As someone who worked in the nursing home profession for over 20 years, I was disheartened to read the recent Neglected to Death series, which paints what I believe is an unfairly a negative picture of the care we provide.
To be sure, the situations recently described were upsetting, but they are also rare. The series identifies 54 tragic situations over a five-year period. It fails to mention that over that same time, over 1 million people benefited from exceptional medical care, rehabilitation, life enrichment and social services provided by Florida’s nursing centers.
The aging process can be stressful for family members, even when their loved ones are receiving the best of care. People often don’t understand just how serious the physical symptoms of diabetes and other debilitating diseases can play out on one’s body, or how unexplained mood changes or agitation could mean signs of depression, dementia or some other serious health concern. And if you’ve never witnessed the final stages of life, watching your loved one experience considerable weight loss from a lack of appetite or changes in skin temperature and color can be upsetting and bring out feelings of guilt, anger and frustration.
The holidays are often an occasion when families come together to spend quality time with aging parents and relatives. For some, this may be one of the only times during the year they observe the health and well-being of an aging family member. After reading your articles, families, understandably, have many questions and want to be sure they’re advocating for the best possible care for their loved ones.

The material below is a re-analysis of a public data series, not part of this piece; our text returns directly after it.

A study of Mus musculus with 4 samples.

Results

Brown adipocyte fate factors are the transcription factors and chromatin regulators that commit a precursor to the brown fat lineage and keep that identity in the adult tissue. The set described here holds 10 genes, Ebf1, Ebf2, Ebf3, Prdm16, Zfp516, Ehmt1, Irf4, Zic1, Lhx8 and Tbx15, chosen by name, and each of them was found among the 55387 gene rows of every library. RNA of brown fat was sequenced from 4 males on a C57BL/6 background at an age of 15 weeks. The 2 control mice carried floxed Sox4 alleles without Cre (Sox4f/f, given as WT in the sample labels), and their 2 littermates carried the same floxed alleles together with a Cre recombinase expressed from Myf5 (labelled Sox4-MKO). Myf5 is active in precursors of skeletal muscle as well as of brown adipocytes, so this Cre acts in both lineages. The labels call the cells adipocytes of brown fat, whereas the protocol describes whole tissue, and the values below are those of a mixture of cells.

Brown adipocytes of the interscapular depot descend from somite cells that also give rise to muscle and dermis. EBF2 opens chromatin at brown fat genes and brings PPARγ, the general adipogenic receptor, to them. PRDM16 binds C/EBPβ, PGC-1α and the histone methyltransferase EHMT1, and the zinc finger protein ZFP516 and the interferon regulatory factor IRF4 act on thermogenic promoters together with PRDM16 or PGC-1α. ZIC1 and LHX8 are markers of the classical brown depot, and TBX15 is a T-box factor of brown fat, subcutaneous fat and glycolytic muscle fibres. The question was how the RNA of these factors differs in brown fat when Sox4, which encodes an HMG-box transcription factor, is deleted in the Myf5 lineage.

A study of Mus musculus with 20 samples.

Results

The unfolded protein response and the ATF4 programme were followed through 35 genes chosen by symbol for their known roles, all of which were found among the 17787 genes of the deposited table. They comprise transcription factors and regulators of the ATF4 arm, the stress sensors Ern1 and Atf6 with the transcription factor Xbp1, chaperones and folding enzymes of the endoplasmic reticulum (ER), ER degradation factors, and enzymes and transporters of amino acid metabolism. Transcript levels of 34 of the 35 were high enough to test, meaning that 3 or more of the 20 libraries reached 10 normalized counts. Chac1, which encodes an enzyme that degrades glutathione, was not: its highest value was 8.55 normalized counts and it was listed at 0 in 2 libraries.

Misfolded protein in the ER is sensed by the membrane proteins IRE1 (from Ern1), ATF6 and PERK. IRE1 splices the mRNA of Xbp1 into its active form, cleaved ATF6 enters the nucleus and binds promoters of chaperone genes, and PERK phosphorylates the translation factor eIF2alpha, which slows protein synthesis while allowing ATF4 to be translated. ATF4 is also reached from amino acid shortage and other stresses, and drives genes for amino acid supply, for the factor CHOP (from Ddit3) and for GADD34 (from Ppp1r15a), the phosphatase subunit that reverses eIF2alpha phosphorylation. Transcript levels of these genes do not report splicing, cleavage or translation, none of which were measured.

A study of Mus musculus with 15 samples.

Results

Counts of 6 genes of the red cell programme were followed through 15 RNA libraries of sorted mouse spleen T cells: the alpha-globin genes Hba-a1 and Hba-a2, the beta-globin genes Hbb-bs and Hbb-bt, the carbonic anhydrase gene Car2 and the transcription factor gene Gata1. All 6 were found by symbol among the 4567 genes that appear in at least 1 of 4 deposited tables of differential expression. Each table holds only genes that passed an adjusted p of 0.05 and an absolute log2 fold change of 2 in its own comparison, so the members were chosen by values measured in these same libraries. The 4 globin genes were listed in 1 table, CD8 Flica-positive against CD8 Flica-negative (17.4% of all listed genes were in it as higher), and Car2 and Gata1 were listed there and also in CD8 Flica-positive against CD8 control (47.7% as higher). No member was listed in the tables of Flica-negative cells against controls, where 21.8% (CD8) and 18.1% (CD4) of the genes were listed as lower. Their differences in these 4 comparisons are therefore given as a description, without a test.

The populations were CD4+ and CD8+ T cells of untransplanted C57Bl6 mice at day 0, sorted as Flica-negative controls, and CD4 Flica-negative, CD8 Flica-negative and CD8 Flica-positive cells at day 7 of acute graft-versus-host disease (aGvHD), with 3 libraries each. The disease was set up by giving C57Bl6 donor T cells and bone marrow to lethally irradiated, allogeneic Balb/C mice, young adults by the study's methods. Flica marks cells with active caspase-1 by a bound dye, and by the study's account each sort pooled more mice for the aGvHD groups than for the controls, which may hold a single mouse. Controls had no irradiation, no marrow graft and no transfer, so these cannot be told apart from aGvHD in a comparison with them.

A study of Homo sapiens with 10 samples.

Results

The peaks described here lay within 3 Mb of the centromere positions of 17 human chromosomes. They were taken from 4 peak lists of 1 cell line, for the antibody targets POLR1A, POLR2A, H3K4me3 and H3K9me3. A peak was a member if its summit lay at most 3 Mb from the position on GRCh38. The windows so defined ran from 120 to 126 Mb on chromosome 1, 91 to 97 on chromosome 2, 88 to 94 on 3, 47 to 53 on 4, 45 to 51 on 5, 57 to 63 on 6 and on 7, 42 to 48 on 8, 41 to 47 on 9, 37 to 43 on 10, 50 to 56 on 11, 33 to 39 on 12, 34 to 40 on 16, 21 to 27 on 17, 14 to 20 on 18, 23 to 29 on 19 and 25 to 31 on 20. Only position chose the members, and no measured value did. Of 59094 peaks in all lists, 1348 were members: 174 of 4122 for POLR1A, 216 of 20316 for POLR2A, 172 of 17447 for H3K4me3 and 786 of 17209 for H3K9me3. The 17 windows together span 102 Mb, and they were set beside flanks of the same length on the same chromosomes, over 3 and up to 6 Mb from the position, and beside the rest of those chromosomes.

It’s unfortunate that stories about nursing home care aren’t news unless something is broken or disturbing. With more than 70,000 seniors living in Florida’s nursing centers today, I believe there are plenty of opportunities to highlight what’s positive and good about the care being provided.
Take Joan, for example, who shared how the team at Park Ridge Nursing Center went the extra mile for her mom and her family.
And Roseann, who commended the caregivers at Whispering Oaks for upholding a strong positive culture.
And a family member at Fletcher Health and Rehabilitation Center who is proud to call all the caregivers her friends and encouraged them to keep up the great work they do, work that often goes unnoticed.
Letters like these pour into our state’s nursing centers every day, but sadly reporters have yet to write about such stories that focus on the love, care and commitment between staff and residents.
Florida continues to make measurable quality gains in nursing center care, with staff who have a passion and commitment to improving residents’ health outcomes. More than 60 percent of Florida’s nursing centers have earned a 4- or 5-star rating for overall quality care from the federal government, and Florida’s level of staff hours spent in resident care is among the top ten in the nation. Centers are also increasing the number of individuals being returned to their homes after successful rehabilitative therapy.
Florida is at a crossroads. People are living longer and requiring more long-term care services, yet our health care labor pool is shrinking. If the media only chooses to expose what’s wrong with nursing homes, why would someone choose long-term caregiving as their career path? Demonizing the profession with sensational stories drives out good caregivers and discourages potential new ones.
I understand the reason for stories like those recently published. But you also need to inform readers about what’s going right in our state’s nursing centers. Perhaps resolve in the new year to tell about the hundreds of thousands of hard-working, professional, quality nursing center caregivers who have dedicated their lives to serving the frail and elderly—and do so lovingly and with respect and compassion every day.